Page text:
Fresh off a 111-82 KO from the San Antonio Spurs on Saturday, our hometown Memphis Grizzlies are certainly battered but not totally eliminated from this year’s NBA title race. As this post goes to press, we still don’t know the outcome of Game 2, but it will undoubtedly be an uphill climb for the Grizz as it usually is against their divisional foes in Central Texas. Still, the Spurs/Grizz rivalry over the last ten years has not been nearly as one-sided as the battle for fund flows between active and passive investors in the ETF era.
These dynamics are problematic for many mutual fund companies that rely on active equity products with higher fee schedules and profit margins. As a result, most publicly exchanged mutual fund companies are down while the market is up about 15% over the last year.
Active fund outflows are not only attributable to the rise in popularity of low-cost ETF strategies, but also sector-wide underperformance against their applicable benchmarks. Both individual and institutional investors are now more inclined to shun active managers for cheaper, more readily available products, particularly when performance suffers. Many active managers and mutual funds have responded by cutting fees or offering their own passive products to stem the outflows, but this has adversely affected their revenue yields and profitability.
Another potential headwind is the GOP’s current proposal to treat all 401(k) deferrals as after-tax contributions, which could disincentive employers from offering defined contribution plans that often invest in mutual funds and other active managers. Republican lawmakers still have a lot of work to do in getting this passed, but it is being seriously considered as one way to help finance the new administration’s proposed tax cuts.
Despite these headwinds, 45% of domestic active managers were beating their benchmarks for the first two months of this year, after just 31% in 2016, according to Morningstar and The Wall Street Journal. To put this in perspective, the last year that even half of all active funds outperformed their index was 2009. Higher volatility, asset decoupling, and rising market conditions has been beneficial to most stock and bond pickers over the last few months. As a result, actively managed mutual funds posted their first month of positive new inflows in February since April 2015, according to Morningstar.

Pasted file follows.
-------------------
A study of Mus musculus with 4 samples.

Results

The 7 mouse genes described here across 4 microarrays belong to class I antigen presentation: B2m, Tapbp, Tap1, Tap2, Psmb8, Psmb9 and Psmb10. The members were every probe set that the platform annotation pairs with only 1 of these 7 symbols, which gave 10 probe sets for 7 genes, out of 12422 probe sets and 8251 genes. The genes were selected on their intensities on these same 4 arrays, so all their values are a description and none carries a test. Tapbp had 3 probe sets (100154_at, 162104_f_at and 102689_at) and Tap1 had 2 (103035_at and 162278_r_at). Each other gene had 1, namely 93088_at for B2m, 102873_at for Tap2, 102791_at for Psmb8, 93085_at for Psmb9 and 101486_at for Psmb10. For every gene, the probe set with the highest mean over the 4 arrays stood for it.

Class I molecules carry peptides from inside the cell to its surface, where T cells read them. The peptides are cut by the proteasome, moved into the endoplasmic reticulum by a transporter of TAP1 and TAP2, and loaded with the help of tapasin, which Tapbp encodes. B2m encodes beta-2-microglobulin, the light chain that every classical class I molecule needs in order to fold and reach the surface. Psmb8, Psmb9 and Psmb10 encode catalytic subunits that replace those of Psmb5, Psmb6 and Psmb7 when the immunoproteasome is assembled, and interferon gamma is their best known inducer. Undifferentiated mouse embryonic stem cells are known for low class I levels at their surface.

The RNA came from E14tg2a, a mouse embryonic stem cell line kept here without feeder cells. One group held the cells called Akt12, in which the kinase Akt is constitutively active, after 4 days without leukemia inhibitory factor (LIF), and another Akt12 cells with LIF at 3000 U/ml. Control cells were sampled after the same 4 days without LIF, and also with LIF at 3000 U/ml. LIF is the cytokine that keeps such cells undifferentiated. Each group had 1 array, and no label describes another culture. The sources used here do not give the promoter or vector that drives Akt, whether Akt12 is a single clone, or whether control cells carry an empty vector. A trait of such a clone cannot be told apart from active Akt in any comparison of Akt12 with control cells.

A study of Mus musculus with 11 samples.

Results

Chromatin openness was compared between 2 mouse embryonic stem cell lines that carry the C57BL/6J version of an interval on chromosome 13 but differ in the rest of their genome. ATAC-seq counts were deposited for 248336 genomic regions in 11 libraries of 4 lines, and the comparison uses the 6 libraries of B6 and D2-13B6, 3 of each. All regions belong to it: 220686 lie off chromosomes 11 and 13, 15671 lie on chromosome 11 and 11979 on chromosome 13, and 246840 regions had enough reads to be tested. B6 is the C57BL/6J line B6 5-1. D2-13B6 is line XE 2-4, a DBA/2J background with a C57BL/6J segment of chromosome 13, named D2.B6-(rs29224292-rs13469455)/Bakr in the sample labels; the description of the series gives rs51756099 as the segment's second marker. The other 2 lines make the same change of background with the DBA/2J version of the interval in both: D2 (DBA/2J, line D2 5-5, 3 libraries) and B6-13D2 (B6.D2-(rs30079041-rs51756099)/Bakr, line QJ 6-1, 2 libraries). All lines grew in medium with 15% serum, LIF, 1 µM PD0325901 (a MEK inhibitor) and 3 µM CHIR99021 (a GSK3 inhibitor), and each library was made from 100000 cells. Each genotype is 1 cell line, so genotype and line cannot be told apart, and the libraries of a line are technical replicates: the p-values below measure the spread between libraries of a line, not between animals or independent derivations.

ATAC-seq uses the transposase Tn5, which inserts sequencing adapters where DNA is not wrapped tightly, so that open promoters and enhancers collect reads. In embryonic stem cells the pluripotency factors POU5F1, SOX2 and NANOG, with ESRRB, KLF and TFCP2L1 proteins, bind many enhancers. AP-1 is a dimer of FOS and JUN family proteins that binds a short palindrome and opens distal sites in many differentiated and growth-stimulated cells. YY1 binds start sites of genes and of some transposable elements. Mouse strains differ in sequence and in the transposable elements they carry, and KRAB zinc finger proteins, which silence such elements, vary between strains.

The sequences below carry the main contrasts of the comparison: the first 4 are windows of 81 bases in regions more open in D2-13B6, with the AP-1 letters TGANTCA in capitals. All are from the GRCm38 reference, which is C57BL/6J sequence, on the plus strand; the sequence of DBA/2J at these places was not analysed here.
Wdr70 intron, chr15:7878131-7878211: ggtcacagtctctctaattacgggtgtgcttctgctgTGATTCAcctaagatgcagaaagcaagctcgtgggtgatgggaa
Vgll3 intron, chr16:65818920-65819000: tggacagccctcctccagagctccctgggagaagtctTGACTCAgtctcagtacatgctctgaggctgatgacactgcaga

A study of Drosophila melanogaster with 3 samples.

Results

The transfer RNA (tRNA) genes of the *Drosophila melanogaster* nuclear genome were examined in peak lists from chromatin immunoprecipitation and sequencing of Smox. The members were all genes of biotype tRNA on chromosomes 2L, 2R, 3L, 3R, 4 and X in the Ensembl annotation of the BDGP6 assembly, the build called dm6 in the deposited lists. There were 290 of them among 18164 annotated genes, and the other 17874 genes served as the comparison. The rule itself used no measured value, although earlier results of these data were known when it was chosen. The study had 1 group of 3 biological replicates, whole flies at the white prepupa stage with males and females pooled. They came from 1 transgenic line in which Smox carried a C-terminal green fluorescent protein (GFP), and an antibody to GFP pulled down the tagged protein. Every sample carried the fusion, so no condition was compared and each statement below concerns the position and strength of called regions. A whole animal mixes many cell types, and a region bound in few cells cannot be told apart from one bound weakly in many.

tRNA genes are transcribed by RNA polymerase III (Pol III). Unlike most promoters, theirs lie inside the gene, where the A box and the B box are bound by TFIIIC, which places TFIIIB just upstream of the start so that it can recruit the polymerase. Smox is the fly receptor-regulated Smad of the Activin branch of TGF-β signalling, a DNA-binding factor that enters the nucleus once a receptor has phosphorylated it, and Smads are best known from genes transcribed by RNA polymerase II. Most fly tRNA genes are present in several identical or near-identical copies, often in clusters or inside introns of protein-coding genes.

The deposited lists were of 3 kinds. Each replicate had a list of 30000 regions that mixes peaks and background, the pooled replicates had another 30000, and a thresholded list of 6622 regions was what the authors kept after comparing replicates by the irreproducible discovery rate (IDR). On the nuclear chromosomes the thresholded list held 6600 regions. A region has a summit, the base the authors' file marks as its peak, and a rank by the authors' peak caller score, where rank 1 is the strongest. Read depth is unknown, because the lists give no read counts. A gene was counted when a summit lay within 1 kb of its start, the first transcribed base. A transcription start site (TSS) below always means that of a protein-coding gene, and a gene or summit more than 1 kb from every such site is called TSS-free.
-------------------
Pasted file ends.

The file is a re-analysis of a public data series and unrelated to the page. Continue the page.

The recent outperformance of some active managers means they may be gaining the upper hand on ETF’s value added proposition, which is all about alpha net of fees. ETFs and other passive strategies gained substantial inflows from active managers since their performance net of (lower) fees has been stronger than most active managers over the last decade, resulting in higher and higher allocations to index products. Active managers are now poised to reverse this trend, but it is going to take more than just two months of alpha to put much of a dent in this trend. We’ve all read that consistently beating the market is nearly impossible, even for the savviest of stock pickers, but none of that research was compiled when passive strategies dominated the investment landscape.
We don’t foresee a huge shift back to active management any time soon, but we realize that we were probably overdue for some mean reversion. It is conceivable that the current market environment could be more conducive to stock picking, but we’ll need more time to judge whether this is truly the case. Regardless, it is hard to imagine that passive investing will completely replace active management. Such a scenario could lead to significant mispricing in the securities markets, which would be fertile ground for enterprising investors and mutual funds. This is why we say that active management, much like the Grizz, is down but not out as the series currently stands.